The US Department of the Interior has just issued proposed rules to protect water in coal mining areas, which would accomplish in one fell swoop what the Environmental Protection Agency has been trying to do for years. The new rules will effectively end the common practice of filling in valleys and streams with debris, in particular from mountaintop removal coal mining operations that involve literally blowing off the tops off mountains.
Did we just say blowing the tops off mountains? Yes, we did.
How Many Mountains?
Mountaintop removal coal mining (aka MTR or mountaintop coal mining) has been a common practice in the Appalachian states of West Virginia, Kentucky, Virginia, and Tennessee since the 197os. A 2009 study commissioned by the organization Appalachian Voices toted up the numbers:
Since the 1970s, the coal industry has blasted apart more than 500 of the oldest, most biologically rich mountains in America, and destroyed more than 2,000 miles of headwater streams.
Since 2009, Appalachian Voices has also used Google Earth to compile a before-and-after archive of additional MTR sites.
Aside from the permanent change to the landscape, mountaintop removal coal mining has been linked to economic malaise and public health issues in nearby communities, including lung issues and birth defects.
As a highly mechanized process, mountaintop removal also factors heavily into the loss of coal jobs in Appalachia.
According to some studies, coal employment in Appalachia topped out at 130,000 in the 1940s and fell steadily to around 22,000 in 2011. As of last year, it was down to about 14,000.
Plugging The Mountaintop Removal Coal Mining Hole, One Way Or Another
Coincidentally, the year that Appalachian Voices released the findings of its MTR study was the same year that President Obama first took office, and since 2009 his Administration has been trying to update federal regulations to catch up with the change in coal industry practices.
The Administration didn’t let the grass grow under its feet. By October 2009, the US Environmental Protection Agency suspended the permit process for the notorious Spruce Mine No. 1 MTR project, citing water quality impacts. That sparked a years-long legal battle ending up in EPA’s favor last year.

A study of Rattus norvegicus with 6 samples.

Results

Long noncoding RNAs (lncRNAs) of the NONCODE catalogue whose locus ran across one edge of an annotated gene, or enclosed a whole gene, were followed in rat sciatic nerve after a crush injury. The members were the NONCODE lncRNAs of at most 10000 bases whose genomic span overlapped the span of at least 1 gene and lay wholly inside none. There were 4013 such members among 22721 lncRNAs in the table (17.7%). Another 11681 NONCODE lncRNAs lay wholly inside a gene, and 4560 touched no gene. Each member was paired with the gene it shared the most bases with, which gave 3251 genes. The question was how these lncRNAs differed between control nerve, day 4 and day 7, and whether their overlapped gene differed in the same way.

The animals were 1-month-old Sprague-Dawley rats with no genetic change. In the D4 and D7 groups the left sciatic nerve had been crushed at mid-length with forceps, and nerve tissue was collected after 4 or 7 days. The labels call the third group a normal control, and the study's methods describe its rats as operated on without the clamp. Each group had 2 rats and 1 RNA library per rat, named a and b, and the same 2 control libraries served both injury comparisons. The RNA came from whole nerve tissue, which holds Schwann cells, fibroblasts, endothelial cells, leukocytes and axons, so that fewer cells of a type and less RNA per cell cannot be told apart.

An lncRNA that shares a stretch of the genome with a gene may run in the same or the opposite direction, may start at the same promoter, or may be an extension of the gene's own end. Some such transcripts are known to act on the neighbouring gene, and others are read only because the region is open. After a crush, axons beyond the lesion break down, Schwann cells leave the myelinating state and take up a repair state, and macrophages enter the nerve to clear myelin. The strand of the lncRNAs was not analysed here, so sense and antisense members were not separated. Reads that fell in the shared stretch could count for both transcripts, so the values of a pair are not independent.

However, the piecemeal approach is not the most efficient way to regulate a common industry practice, and in 2009 the Interior Department also began taking steps to tighten up overall protections for streams and groundwater.
Yet Another Gift That Keeps On Giving
Everyone knows that the previous federal administration left behind several issues that are still unwinding, namely the wars in Iraq and Afghanistan, the 2008 financial crisis, and a change in federal water safety rules that opened the door to widespread oil and gas fracking.
Mountaintop removal coal mining is another such issue. Just before then-President Bush left office, his Administration created a new loophole in coal mining rules relating to stream buffer zones, which favored MTR.
That new rule was one of the Interior Department’s very first targets when President Obama took office. In April 2009, Interior formally challenged the new coal mining rules and eventually won that fight.
On the other hand, the legal battle reverted coal mining rules back to their 1983 status under the Reagan Administration. Those rules created federal standards but left the permitting process up to individual states.
In effect, there has been no change in federal rules for coal mining, even though coal mining practices have changed radically through the advent of widespread MTR in Appalachia.
Onwards & Upwards For Coal Mining Rules
That brings us to the new proposed Interior Department coal mining rules.
Here’s a snippet from Interior’s introduction:
The proposed rule would better protect streams, fish, wildlife, and related environmental values from the adverse impacts of surface coal mining operations and provide mine operators with a regulatory framework to avoid water pollution and the long-term costs associated with water treatment.
Specifically, the proposed rule would require before-and-after data collection in adjacent areas as well as within the borders of the coal mining operation, and it would clearly define impacts beyond the borders of coal mining operations.
The proposed rule also covers water quality monitoring while the coal mining operation is active, and stream restoration requirements.
All of that is going to provoke some howling on the part of the coal industry, especially when it comes to this proposed new requirement:
The rule would also ensure protection or restoration of perennial and intermittent streams and related resources, ensure that mine operators and regulatory authorities make use of the most current science and technology, and ensure that land disturbed by mining operations is restored to a condition capable of supporting the uses that it was capable of supporting prior to mining. This rule revision updates and codifies the requirements and dispute resolution procedures involved when the proposed permit or adjacent areas contain federally listed threatened or endangered species and designated critical habitat.
This Administration’s long list of overreaching regulations is absolutely crippling West Virginia families and businesses. This proposed rule would have a devastating impact on our families, jobs and economy, and it fails to strike an appropriate balance between the economy and the environment. I urge my colleagues to take immediate action on the STREAM Act to rein in this harmful rule.
The STREAM Act is proposed federal legislation that would “not unnecessarily increase regulations or eliminate thousands of jobs,” as described by Senator Manchin.
Image (screenshot, health impact map) via I Love Mountains.